North Wind Renewable Energy helps Wisconsin livestock farm go solar

Waseda Farms has created a unique footprint in Northeast Wisconsin the last 10 years by turning organic farming into healthy consumption of beef, pork, poultry and eggs at the table. Its forward-thinking team has taken its sustainability-infused process for breeding animals and producing wholesome food a step further.

This summer, Waseda Farms added a solar-power system. The cows, pigs and chickens share the pastures at the progressive Door County farm with over 140 solar panels. The recent activation of the vast solar array is expected to generate considerable savings in use of and cost for electricity at Waseda Farms while augmenting its signature production of certified organic food through environmentally centered practices. Jeff Lutsey, chief engineer and farm administrator at Waseda Farms, said he and his family who own and operate the farm with over 1,000 acres have been exploring the addition of solar energy for several years.

“Solar power is in line with our greater mission to raise animals and grow and deliver food in the most sustainable way possible,” Lutsey said. “Through a lot of research, we found that utilizing renewable energy from the sun is the best way available for us to do that. And the more energy we can utilize that comes from green sources, as opposed to finite Earth resources like coal and natural gas, the more sustainable we can be.”

The continued emphasis on going green is the latest in a series of what Jeff Lutsey says are long-term investments made at Waseda Farms since his parents, Sharon and Tom Lutsey, started the business in 2008. One of those ventures that has yielded robust results for the operations is the Temple Grandin-designed handling system, which ensures humane treatment of livestock, including beef cattle. The integration of solar energy is expected to pay off for Waseda Farms now and well into the future.

“This long-term investment into smarter power production and use will benefit our little piece of earth for decades to come,” Jeff Lutsey said.

Lutsey says the new system, which features five rows of 29 solar panels that each measure 6 feet by 3 feet, will cover about 50 percent of the energy use on site. The estimated monthly energy savings are 3,500 to 7,000 kilowatt hours, which translates to a cost savings of $300-$600 per month.

“The solar power that is produced will reduce our power draw from our electrical grid, resulting in reduced coal and natural-gas consumption at the farm by 30 tons per year and reduced carbon-dioxide gas emitted by 75 tons per year,” Lutsey said.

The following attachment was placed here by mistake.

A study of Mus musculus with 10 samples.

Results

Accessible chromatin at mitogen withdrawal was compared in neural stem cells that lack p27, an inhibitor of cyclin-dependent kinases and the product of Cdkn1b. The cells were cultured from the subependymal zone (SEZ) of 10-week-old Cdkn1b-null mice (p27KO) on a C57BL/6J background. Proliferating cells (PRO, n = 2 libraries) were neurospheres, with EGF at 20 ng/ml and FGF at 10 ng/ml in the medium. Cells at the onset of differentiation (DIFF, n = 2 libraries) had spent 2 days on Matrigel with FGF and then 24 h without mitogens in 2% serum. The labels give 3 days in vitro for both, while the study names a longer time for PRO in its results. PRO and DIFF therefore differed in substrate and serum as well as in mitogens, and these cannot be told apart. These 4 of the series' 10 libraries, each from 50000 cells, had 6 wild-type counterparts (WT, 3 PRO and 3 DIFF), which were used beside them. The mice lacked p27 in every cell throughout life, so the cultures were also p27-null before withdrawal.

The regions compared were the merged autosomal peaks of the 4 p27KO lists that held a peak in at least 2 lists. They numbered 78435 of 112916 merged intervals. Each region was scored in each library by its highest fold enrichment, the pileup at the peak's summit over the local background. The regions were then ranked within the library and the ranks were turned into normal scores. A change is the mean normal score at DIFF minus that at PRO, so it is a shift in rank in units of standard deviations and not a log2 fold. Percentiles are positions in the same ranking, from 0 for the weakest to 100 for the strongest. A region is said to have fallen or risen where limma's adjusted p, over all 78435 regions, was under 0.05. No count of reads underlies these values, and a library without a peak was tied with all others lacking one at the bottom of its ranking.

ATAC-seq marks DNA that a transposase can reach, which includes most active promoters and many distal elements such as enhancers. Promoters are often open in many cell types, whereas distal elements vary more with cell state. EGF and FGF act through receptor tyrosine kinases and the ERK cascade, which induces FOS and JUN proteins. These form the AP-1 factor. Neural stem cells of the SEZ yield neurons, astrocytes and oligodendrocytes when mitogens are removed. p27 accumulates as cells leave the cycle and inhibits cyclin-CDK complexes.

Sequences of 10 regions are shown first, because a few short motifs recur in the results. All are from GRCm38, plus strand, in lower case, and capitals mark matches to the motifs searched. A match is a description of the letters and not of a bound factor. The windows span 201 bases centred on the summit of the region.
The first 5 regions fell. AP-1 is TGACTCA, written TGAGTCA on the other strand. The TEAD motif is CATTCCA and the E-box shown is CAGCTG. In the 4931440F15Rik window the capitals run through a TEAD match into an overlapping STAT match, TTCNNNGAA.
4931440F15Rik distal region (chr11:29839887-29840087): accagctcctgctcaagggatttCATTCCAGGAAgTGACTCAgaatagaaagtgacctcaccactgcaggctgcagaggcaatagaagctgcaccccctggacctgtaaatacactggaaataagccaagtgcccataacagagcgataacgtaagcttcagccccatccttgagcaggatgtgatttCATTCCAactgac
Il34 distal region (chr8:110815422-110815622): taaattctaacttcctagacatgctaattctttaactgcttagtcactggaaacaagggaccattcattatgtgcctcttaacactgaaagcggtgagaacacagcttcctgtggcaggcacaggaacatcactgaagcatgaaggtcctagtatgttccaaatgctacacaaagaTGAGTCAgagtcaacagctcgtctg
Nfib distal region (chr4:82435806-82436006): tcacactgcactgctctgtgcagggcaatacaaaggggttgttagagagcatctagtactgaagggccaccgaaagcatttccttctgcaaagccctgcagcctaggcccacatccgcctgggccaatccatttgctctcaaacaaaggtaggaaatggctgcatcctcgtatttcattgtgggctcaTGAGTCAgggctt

The production and distribution of the homegrown meat, eggs, dairy products, and fruits and vegetables by Waseda Farms through its markets in Baileys Harbor and De Pere as well as numerous restaurants, stores and schools in Northeast Wisconsin also is receiving an energy boost. The solar panels power the cooler and freezer storage units on the farm.

The new system also is powering the farmhouse at Waseda Farms, where three farm team members live, and on-site animal stewardship and management, including electric fencing and water pumps. North Wind Renewable Energy of Stevens Point, Wisconsin, installed the solar panels this summer. Harbor Construction of Baileys Harbor and the team at Waseda Farms provided pre-installation land management.

“The solar-panel array is the gift that keeps on giving — to our farm and to the earth,” Jeff Lutsey said. “It will serve as a constant reminder to us at the farm to always be as conscientious as we can with energy use.

“And we hope it can also be of good use to educate and inspire our Door County, our Brown County and our entire Northeast Wisconsin neighbors and friends and partners to be as green and organic and sustainable and good in every aspect of life,” he added.

Lutsey has been instrumental in the advancement of the environmental mission at Waseda Farms. He’s a mechanical engineer by trade and brought a unique perspective and skill set when he returned to Door County in 2015 to reunite with family and help direct day-to-day operations on the farm.

After he graduated with honors from Northwestern University in the Chicago area, Lutsey crisscrossed the country and honed his engineering expertise for 15 years in notable roles. He worked in the aerospace propulsion program at Honeywell and then had a 12-year stint of coordinating programs and initiatives for the U.S. Navy and U.S. Department of Energy. He trained Navy sailors, tested reactor plant safety systems and managed reactor design teams at the Naval Nuclear Laboratory with Bechtel Marine Propulsion Corporation.